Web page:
As the U.S. reels from a more than 1 million reported deaths due directly to the Covid-19 pandemic, another infectious disease — monkeypox — is beginning to percolate. Cases of monkeypox, which scientists have been warning about for years, continue to rise worldwide.
Covid-19 followed by monkeypox offers an opportunity to reflect on what can be done to reduce the impact of this and future pandemics.
One of the most important actions that can be taken now is to bring together an external advisory group — a private-public partnership — to address disease modeling and interventions (both pharmaceutical and nonpharmaceutical), as well as be available before, during, and after a pandemic, just as we have external advisory groups for making clinical recommendations on vaccines to the Centers for Disease Control and Prevention and the Food and Drug Administration. Bringing in experts to guide government planning and implementation in these situations will bring additional perspectives and strengthen strategies.
As an operations research expert who has spoken regularly to the media and public audiences about the pandemic, I say this partly based on a question people have repeatedly asked me: Who should I believe in understanding what will (or might) happen with the pandemic?
Public-private partnerships that include modeling experts are the answer.
Disease outbreaks, especially those due to novel viruses such as H1N1a, SARS-CoV-2, and Zika, have demonstrated the challenges associated with predicting and responding to contagions. U.S. governmental agencies have made important strides in this realm in recent years, including:
- Investment by the CDC in a Center for Forecasting and Outbreak Analytics with a world-class modeler as the founding director
- Funding modeling teams to support state and local epidemiologists
- Investing in ensemble forecasting and scenario projections
Yet challenges remain in continually incorporating new types of data sources, bringing in the newest computational approaches, improving public health messaging, and ensuring that a diversity of perspectives are integrated into decision-making. This is especially clear with monkeypox, a disease that has been active in Africa for years but is now spreading worldwide.
A diversity of perspectives is especially important during a pandemic, as the pandemic experiences of the populations of New York City or Los Angeles are not necessarily the same as what plays out in the rural Southeast or in Africa. Specifically, academic and private industry experts can add a wealth of knowledge on logistics and technological innovations to support decision-making by governmental agencies. A diversity of worldwide backgrounds and participants can also help ensure that a wide set of scenarios and modeling possibilities are considered, including new channels of disease spread, variants with new properties, fast sequencing, and the interrelationships between disease spread and societal decisions related to schools or supply chains.
Since the beginning of Covid-19, my research group at North Carolina State University has been one of several chosen by the CDC and Council of State and Territorial Epidemiologists to provide modeling support for state and local health agencies. Our group — and other modeling groups like it — provided advance notice before a surge in hospitalizations in fall 2021 due to the Delta variant, and in January 2022 due to the Omicron variant. In December 2021, five modeling groups released a statement giving additional power to the expectation for high strain on common resources in the wake of the Omicron variant and population behaviors during the holidays. In these examples and others, the information gave additional time for systems to prepare, including identifying additional medical personnel who were able to work, creating policy and process changes, and implementing other actions to reduce hospitalizations and deaths.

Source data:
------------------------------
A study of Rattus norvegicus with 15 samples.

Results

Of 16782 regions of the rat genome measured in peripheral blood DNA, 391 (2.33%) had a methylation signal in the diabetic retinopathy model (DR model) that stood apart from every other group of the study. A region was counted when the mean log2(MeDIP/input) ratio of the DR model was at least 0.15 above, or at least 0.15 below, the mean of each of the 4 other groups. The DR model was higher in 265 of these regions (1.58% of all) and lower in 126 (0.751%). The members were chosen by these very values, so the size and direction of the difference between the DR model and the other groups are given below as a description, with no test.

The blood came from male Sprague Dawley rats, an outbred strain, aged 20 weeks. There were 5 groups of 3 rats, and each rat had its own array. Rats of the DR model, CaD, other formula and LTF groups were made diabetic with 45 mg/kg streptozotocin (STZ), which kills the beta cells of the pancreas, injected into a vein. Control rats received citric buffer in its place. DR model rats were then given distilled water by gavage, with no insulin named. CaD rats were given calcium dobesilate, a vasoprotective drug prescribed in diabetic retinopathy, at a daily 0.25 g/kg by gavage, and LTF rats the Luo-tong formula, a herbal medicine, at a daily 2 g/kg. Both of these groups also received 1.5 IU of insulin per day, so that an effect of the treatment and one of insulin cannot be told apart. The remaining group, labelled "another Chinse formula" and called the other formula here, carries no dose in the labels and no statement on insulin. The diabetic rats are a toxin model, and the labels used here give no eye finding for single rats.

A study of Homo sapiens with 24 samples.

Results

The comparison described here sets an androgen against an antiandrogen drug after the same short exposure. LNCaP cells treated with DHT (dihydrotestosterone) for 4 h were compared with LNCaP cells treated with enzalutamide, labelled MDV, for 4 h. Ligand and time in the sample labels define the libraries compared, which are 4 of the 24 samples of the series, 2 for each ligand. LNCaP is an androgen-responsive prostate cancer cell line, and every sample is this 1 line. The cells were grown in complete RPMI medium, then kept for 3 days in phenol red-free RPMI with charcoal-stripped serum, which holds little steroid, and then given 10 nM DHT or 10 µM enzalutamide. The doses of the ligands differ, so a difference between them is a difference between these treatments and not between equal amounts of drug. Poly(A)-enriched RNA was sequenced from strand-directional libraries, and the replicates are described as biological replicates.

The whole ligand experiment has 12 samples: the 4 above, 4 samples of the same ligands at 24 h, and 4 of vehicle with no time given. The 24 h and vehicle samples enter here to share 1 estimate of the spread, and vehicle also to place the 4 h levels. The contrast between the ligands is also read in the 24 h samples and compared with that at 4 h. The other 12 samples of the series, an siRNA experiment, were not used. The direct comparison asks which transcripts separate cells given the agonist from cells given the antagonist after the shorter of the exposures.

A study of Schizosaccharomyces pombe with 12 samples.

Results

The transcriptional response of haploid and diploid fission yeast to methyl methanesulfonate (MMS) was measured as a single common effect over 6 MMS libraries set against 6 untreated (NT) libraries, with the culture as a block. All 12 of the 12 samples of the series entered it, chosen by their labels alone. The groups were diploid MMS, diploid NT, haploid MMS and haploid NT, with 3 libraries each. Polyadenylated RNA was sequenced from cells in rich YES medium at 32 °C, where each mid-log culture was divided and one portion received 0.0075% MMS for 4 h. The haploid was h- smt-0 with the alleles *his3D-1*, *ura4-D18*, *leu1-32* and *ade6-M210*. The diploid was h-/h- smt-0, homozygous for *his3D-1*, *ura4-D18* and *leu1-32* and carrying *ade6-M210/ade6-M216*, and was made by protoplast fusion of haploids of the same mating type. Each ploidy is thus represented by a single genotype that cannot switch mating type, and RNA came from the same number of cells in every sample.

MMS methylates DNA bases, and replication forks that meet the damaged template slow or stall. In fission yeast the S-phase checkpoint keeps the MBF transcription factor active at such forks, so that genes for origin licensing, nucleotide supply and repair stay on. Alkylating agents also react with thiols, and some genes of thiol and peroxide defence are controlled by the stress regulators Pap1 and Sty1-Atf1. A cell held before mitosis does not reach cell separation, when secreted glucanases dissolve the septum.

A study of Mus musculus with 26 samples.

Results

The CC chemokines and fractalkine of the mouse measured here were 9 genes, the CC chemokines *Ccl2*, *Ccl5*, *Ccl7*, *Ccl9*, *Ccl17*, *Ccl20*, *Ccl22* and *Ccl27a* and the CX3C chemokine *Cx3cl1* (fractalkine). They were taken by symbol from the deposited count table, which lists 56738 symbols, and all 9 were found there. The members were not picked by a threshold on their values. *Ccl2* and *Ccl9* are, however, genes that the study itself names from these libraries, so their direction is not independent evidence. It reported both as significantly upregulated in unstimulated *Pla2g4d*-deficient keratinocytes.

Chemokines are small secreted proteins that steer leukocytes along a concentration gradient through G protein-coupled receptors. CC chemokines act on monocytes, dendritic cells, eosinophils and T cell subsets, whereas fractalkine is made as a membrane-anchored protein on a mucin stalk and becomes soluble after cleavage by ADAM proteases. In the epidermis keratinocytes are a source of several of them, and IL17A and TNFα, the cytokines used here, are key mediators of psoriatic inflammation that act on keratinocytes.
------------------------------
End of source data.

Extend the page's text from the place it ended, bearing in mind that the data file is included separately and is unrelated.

Experiences in the United Kingdom have shown that its Scientific Advisory Group for Emergencies can use modeling as a powerful lever to quickly build scientific information to support decision-making. In the U.K., scientists found there was value in ensuring independence from government (leading to the Independent SAGE group) and to making sure that the process was transparent. Analysis by the Independent Sage group concluded there was value to drawing perspectives and evidence from a broad, diverse base and incorporating local involvement from affected stakeholders.
As part of a public-private partnership, an external advisory group can leverage the experiences and expertise relevant for a particular question while allowing for a neutral role that is free from politics. A group of this type would also complement the expertise provided to the FDA on vaccines and biologic products and to the CDC on immunization, by focusing especially on disease modeling and corresponding interventions, all while ensuring a diversity of perspectives that may not be achievable by government alone.
Since my involvement with the global H1N1 pandemic that began in 2009, I have seen positive changes in the use of disease modeling and advanced computation to improve decisions related to disease outbreaks, from the influenza pandemic of 2009-2010 to the Ebola outbreak of 2013 to 2016, the beginning of the Covid-19 pandemic, and the CDC’s recent decision to build a forecasting center. These positive changes can be leveraged further by setting up an advisory group external to the government to support disease modeling and pandemic response through a public-private partnership that builds upon numerous backgrounds and perspectives from neutral external observers.
Julie Swann is department head and distinguished professor in the Edward P. Fitts Department of Industrial and Systems Engineering at North Carolina State University, and a former advisor to the CDC for the H1N1 pandemic response.